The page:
From the outside looking in, birding and science seem to be two very different pursuits. Even enthusiasts themselves sometimes fail to relate the patient, inquisitive observation of avifauna conducted for recreational purposes to the same deliberate scrutiny administered under the auspices of professional ornithology. Many birders perpetrate citizen science without even knowing it when participating in official counts or even just reporting rare sightings. By the same token, most professional scientists are motivated by the same burning curiosity and thrill of discovery that propels amateur bird watchers. The plenitude of connections seem obvious now, but it took an artist with true crossover appeal to elucidate for me the fundamental links between birding and science. What figure has the raw star power needed to connect these two seemingly disparate pursuits? None other than the great man himself, Charles Darwin.
Yes, Charles Darwin, who wasn’t always the sure-footed sage whose controversial theories of evolution and natural selection upended the creationist apple cart. Before he could arrive at his earthshaking observations, he had to master the essentials of his profession. Pilgrim on the Great Bird Continent is the chronicle of Darwin’s renowned expedition on the HMS Beagle. Science types will enjoy how expertly Lyanda Lynn Haupt mines the rich content of the notebooks Darwin kept during the journey to uncover his remarkable transformation from eager neophyte to assured, intuitive scholar. Birders will appreciate Ms. Haupt’s conviction that his growth as a scientist was catalyzed by his increasing interest in avifauna.
The full title of this splendid book is Pilgrim on the Great Bird Continent: The Importance of Everything and Other Lessons from Darwin’s Lost Notebooks. The importance of everything wasn’t readily apparent to Darwin as he set off on his transformative global circumnavigation. His great interests were geology and entomology, not ornithology. Thus, he spent a greater portion of his first year abroad with his nose in the dirt than with his eyes to the trees. But South America, the Great Bird Continent, captured Darwin’s prodigious attention with its dazzling neotropical delights. It was there that he learned to really look at birds from rheas to reedhaunters, condors to kiskadees. Once Darwin mastered looking, he began to see, and we all know what that led to.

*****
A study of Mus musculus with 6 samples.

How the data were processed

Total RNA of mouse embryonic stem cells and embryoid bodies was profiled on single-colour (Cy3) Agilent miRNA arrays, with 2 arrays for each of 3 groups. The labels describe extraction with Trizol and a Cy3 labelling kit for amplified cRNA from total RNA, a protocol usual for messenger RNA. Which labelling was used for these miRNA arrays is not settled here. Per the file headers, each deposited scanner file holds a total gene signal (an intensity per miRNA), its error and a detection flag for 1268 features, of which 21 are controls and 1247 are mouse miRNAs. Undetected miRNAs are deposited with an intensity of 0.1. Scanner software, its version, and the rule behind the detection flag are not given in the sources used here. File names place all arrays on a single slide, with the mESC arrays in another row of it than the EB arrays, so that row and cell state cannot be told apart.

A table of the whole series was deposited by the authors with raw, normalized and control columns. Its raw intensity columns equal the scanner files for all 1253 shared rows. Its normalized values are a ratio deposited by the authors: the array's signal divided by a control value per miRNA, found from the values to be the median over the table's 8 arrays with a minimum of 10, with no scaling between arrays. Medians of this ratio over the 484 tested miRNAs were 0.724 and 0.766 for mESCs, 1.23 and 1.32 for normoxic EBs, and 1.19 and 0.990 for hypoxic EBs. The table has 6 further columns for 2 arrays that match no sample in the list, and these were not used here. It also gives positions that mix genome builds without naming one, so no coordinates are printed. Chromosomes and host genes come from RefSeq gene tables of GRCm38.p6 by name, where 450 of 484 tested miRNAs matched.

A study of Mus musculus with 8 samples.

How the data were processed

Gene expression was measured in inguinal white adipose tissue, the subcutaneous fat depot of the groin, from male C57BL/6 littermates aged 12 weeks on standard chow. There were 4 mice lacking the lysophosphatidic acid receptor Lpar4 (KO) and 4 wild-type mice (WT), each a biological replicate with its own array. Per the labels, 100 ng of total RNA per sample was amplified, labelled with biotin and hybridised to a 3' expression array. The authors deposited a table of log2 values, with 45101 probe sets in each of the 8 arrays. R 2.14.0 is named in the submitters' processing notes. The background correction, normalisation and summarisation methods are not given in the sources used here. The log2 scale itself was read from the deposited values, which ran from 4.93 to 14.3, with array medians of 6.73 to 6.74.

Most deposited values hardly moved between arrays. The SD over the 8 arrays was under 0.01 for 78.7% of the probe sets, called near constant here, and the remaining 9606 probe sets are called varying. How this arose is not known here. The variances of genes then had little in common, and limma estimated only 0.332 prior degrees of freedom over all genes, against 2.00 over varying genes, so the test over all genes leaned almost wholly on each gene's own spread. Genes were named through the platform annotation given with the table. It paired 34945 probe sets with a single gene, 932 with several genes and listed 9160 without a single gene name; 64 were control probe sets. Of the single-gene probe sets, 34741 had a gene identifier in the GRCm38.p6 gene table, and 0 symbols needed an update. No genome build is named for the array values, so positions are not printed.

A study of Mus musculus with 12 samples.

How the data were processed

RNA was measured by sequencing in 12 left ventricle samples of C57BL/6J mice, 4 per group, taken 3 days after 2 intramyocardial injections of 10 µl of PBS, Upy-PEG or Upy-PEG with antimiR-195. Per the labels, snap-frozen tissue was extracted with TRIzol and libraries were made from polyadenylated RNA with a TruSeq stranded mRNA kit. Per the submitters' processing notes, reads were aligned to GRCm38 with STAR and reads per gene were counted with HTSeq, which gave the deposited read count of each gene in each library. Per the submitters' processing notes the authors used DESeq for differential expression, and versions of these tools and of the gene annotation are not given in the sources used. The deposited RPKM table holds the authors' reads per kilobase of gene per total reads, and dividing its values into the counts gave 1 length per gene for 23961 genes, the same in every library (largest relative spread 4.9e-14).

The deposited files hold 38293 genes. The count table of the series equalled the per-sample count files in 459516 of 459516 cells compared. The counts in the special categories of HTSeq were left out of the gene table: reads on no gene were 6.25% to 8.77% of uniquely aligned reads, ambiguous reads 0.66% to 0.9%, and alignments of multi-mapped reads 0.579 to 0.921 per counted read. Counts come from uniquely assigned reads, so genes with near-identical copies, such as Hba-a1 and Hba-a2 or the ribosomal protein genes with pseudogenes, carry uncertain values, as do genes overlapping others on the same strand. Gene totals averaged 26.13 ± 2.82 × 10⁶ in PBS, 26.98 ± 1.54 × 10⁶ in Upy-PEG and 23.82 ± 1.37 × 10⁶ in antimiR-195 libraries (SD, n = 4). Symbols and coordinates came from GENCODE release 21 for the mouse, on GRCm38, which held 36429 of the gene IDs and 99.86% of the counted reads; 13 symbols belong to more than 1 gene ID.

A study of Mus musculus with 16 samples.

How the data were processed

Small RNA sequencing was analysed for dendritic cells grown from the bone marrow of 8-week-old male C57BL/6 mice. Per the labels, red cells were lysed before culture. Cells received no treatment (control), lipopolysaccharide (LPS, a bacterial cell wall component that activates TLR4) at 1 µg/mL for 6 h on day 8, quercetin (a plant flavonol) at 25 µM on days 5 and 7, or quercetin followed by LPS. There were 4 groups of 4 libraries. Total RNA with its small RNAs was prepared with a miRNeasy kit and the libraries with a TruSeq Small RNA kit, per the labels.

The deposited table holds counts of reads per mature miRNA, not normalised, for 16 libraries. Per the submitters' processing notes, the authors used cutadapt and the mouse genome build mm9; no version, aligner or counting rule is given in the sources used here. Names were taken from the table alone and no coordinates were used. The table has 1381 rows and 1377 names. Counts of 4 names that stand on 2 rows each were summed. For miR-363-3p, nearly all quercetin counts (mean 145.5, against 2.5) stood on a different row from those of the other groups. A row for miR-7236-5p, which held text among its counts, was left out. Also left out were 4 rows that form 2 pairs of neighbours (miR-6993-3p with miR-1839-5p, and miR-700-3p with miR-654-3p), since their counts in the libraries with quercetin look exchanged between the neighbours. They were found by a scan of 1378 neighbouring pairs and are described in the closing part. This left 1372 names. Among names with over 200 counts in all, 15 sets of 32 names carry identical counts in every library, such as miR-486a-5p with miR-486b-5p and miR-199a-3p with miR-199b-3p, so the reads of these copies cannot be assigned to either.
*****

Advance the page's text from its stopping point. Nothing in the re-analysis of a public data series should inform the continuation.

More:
Ms. Haupt’ use of language may be described in a word as lush. However, taking her creative cue, I won’t spare my descriptors but will instead throw picturesque, voluptuous, discursive, and thoroughly enjoyable on to the pile as well. Pilgrim on the Great Bird Continent is no dry dissertation. The author does at times take certain liberties in presuming Darwin’s innermost thoughts. She also allows her narrative a long leash, permitting it to lead us where it will, sometimes straight down a path of ineluctable inference but in other instances meandering seemingly without aim. In my opinion, these qualities enhance the reading experience; I often found myself consciously admiring Ms. Haupt’s expressive style. Exegesis of old journals can be a lifeless, dreary affair. However, in the author’s capable hands, Darwin’s travels and tribulations read as fresh, vital, and utterly engaging.
I really enjoyed this book and recommend it to anyone with even a passing interest in natural history. What struck me most of all, and perhaps this is a sign of the times, is how familiar Darwin’s developmental path seemed. Upon arriving at an interest that consumed him, he cultivated the habit of writing on it daily. These honest, encompassing scribblings propelled his preoccupation and sharpened his perceptions of new, unfamiliar organisms. His journals served not only as a record of his growth but as an unsung yet influential contributing factor. And in the end, he even managed to make a few bucks by repackaging and publishing his work. It looks to me like Charles Darwin, as presented in Pilgrim on the Great Bird Continent, was the original nature blogger.